Wan Wei Hsien has written some reflections on Irenaeus’s concept of “tradition” in his Against Heresies. His concluding thoughts suggest, and I concur, that Irenaeus can sharpen and narrow the way the term is often used:

I wrote at the beginning of this post that Fr. John’s explanation of St. Irenaeus both sharpens and narrows the meaning of the word “tradition” for me. I had often thought of tradition as something “fuller” than scripture–of which scripture was only a “part”. Reading this chapter and St. Irenaeus, however, showed me that this notion actually approximates the Gnostic understanding of oral tradition. Perhaps one can say that, for St. Irenaeus, tradition is the “performance” of scripture in the life of the Church—unwritten but fundamentally tied to its “script”.

Understanding tradition in this way, Wei Hsien says, “My Protestant brothers and sisters don’t seem as far away.” (I don’t recall precisely which faith community Wei Hsien calls home.) I would add that this understanding of tradition may help Protestants come to terms with the validity of “tradition” as an important theological category.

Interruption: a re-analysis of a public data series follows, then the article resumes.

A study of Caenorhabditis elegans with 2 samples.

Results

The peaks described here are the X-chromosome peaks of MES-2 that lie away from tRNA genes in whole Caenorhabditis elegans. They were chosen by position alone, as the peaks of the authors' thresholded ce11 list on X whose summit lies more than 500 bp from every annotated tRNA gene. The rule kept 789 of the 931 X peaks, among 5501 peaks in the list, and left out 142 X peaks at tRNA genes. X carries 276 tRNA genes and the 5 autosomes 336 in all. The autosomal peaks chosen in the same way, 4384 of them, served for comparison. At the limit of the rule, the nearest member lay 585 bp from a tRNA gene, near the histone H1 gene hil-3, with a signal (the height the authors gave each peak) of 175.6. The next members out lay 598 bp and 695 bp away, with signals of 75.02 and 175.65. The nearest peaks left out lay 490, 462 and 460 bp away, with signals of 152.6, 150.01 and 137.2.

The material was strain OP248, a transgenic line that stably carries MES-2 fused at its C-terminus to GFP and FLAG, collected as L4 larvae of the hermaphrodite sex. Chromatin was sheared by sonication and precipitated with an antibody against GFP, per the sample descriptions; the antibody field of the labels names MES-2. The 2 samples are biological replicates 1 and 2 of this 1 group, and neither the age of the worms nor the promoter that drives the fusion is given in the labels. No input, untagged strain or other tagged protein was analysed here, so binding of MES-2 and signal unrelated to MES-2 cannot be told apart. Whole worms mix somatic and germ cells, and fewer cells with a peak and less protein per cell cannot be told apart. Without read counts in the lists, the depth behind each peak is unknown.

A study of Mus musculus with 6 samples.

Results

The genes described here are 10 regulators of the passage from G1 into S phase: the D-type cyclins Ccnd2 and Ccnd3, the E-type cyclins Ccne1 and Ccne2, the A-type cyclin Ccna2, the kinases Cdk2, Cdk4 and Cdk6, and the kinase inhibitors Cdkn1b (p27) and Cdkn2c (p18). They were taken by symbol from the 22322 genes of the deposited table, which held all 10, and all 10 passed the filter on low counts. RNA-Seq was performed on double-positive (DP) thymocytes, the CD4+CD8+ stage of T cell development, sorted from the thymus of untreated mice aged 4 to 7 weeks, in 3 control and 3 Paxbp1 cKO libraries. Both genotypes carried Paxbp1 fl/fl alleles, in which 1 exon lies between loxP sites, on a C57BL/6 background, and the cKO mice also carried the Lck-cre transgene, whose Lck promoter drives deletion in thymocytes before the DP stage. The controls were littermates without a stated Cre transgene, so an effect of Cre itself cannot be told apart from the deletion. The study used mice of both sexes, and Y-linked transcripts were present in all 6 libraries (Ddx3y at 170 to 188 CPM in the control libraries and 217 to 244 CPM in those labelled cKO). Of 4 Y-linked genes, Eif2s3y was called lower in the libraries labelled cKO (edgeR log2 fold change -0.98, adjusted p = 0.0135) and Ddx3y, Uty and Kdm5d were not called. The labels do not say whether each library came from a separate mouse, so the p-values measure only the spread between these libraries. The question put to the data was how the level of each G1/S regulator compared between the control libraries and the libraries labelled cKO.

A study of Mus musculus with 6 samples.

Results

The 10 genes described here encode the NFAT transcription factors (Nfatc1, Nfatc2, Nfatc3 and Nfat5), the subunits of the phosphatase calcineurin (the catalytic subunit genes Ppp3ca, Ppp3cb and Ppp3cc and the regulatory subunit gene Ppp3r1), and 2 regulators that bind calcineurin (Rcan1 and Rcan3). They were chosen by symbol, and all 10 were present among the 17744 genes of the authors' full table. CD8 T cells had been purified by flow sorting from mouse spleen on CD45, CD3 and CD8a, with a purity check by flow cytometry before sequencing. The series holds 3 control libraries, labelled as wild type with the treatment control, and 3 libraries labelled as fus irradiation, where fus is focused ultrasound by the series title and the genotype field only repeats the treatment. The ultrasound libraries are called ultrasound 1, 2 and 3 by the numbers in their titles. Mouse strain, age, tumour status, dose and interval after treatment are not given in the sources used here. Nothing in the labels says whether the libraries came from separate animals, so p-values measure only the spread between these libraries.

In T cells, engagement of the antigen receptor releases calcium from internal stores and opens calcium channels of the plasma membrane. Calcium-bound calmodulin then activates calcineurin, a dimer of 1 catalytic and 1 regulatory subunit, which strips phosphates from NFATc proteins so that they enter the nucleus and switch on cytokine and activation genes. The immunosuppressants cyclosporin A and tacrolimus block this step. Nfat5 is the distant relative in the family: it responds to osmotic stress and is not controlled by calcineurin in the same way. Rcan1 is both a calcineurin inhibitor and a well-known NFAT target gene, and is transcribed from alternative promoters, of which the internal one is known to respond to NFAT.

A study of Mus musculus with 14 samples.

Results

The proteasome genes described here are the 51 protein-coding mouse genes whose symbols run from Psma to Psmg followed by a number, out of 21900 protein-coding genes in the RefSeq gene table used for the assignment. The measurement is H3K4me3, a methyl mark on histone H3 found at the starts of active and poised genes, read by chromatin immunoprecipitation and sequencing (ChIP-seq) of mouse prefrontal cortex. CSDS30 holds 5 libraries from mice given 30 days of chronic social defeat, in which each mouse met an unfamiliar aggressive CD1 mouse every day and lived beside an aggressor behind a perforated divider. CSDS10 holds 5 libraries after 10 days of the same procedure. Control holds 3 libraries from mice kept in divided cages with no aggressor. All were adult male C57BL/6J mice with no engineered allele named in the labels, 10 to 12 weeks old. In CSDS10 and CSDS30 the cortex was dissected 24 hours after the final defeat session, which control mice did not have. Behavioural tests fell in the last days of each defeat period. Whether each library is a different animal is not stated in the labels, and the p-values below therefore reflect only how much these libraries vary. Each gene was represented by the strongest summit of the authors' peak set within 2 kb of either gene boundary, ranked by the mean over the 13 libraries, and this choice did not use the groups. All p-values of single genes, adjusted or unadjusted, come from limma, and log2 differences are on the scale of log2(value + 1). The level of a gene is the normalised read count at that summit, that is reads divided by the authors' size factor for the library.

PS: Protestants, especially free-church Protestants, who want to know more about tradition and its importance for the church would do well to pick up a copy of D. H. Williams’ Retrieving the Tradition & Renewing Evangelicalism, appropriately subtitled “A Primer for Suspicious Protestants.”


  1. Wan Wei Hsien says:

    Thank you linking the post and the reference to Williams’ book. I am Oriental Orthodox by ecclesial membership, though in a roundabout sort of way.

    It does seem to me that Irenaeus’ understanding of tradition resembles that which some of the early Reformers held. I seem to recall that Melanchton proposed something similar, but I’ve not studied the matter sufficiently so say for certain. Much promise, I think, lies in the rediscovery of our common roots.


    I agree, Wei Hsien. William’s book does a great job of pointing out the Reformers’ desire not to overturn the Tradition but to follow it more faithfully in the face of what they considered Roman excesses. The subtitle is quite apt. The book is a defense of Tradition against the excesses of free-church evangelicalism.